While attending law school, honor student David Maldon is awarded a job at the prestigious law firm of Belney, Parkford, Evans and Hughes. One day, at a birthday cocktail party for the law firm's senior partner, John Belney, David behaves in an erratic manner after consuming just one drink. His behavior catches the notice of John's daughter Mary, an attractive psychoanalyst, who accuses John of being drunk. In private, John denies the accusation and explains that he suffers from "liquor recoil," a condition he developed during World War II, when he nearly drowned in a vat of brandy at a French monastery. Realizing that David gets drunk at the mere mention of alcohol, Mary saves him from further humiliation by sending him home.
In the hope of curing himself of his sensitivity to alcohol, David decides to take a teaspoonful of brandy every night before going to bed. The experiment appears doomed to failure, however, when David begins imagining that his dog is talking to him.
The day after John's birthday party, Mary, who has fallen in love with David, offers to help David overcome his problem. Intrigued by David's claim that his dog talks to him, Mary offers him a glass of brandy and observes him conversing with his dog.
One day, at the law office, David is present when Carl Bellcap, the city attorney, threatens to sue John if he allows one of his clients, the manager of a luxury apartment building, to evict the Lees, a Chinese couple. Carl also warns John that if the pregnant wife of the Chinese doctor loses her child, he will charge the law firm with causing her undue trauma and will hold it responsible. When Dr. Lee's wife loses her child in childbirth, David, working without the consent of the attorneys at his firm, contacts the management company and insists that the Lees be returned to their apartment.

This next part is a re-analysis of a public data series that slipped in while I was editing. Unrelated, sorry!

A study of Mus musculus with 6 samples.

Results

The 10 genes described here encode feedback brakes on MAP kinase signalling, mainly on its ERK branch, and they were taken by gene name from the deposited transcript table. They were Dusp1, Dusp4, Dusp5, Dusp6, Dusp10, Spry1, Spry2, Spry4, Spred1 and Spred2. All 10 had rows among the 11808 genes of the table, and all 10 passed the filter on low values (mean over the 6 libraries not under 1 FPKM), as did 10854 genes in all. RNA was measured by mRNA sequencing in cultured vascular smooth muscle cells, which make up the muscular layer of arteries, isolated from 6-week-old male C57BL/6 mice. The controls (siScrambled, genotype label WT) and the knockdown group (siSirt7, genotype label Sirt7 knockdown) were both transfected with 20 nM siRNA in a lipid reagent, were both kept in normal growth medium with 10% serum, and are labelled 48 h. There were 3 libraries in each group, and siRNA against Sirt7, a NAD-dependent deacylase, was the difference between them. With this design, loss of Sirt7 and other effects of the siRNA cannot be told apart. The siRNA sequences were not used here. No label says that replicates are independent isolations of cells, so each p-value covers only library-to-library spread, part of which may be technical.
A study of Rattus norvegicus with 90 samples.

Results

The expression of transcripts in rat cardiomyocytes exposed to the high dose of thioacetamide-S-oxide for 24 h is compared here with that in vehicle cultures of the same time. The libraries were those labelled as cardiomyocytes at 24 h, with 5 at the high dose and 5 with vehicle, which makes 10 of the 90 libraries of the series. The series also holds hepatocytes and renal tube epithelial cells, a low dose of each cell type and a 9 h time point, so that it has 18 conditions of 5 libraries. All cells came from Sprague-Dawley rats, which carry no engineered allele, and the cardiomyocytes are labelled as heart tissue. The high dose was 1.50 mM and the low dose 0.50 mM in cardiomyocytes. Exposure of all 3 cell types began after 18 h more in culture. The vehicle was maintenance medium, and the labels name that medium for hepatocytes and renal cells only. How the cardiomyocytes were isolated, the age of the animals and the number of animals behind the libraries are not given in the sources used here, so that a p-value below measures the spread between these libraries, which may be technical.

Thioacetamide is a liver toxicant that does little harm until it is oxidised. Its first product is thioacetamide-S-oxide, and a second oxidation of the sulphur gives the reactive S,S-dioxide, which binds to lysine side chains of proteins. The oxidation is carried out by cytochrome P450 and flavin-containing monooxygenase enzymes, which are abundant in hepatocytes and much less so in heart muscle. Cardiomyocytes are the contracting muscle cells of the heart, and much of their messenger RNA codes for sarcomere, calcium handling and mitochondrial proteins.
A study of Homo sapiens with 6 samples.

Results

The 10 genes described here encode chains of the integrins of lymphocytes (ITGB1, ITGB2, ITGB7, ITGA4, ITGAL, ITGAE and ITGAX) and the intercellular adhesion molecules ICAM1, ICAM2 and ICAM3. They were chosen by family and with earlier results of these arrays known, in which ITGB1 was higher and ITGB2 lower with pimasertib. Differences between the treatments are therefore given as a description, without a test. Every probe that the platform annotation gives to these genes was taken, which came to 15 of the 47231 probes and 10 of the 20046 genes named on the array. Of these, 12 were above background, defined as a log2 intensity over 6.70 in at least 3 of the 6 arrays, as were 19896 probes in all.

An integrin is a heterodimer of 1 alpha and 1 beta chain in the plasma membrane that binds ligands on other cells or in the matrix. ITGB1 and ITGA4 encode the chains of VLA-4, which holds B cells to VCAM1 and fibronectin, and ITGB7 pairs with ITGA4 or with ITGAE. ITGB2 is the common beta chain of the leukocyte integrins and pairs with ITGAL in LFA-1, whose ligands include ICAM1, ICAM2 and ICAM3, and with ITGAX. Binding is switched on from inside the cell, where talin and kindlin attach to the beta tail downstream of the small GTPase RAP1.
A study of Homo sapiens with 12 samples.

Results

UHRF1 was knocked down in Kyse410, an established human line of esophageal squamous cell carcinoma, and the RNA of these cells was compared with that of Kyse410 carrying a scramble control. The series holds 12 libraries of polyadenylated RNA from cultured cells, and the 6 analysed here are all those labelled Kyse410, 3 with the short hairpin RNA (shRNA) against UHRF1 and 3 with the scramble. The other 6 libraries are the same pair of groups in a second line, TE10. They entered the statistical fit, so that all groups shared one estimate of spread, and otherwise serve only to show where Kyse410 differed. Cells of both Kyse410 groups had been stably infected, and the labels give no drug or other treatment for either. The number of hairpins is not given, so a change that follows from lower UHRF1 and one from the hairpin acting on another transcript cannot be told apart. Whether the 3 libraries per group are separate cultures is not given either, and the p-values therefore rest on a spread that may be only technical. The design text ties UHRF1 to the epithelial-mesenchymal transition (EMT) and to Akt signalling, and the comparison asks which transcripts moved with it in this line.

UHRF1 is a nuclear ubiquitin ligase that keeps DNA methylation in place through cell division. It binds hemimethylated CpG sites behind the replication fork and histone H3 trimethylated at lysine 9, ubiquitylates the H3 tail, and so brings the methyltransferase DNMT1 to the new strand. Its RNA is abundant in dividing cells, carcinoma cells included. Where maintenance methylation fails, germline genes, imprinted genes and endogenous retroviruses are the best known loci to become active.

Later, at an alumni dinner, Charles Parkford, the partner at the law firm who is responsible for the eviction of the Chinese couple, learns that David is allergic to alcohol and decides to take revenge on his initiative by secretly slipping some wine into his soup. The wine makes David instantly drunk, and he embarrasses himself by singing with the band.
When David regains his sobriety, he accuses Bellcap of compromising his responsibilities as a public servant to gain favor with the partners at the law firm. Bellcap admits that he is seeking a job at the law firm, but tells David that he has been stymied in his efforts to fight rich and powerful law firms like John's because few talented lawyers are willing to work for the city. Convinced that Bellcap has done the best he could to fight the many injustices in the city, David apologizes to him.
In the final scene, at his law school graduation ceremony, David announces his resignation from John's law firm, and accepts a job with the city attorney's office. Though Mary prefers that David remain with her father's firm, she respects his principles and plans to marry him.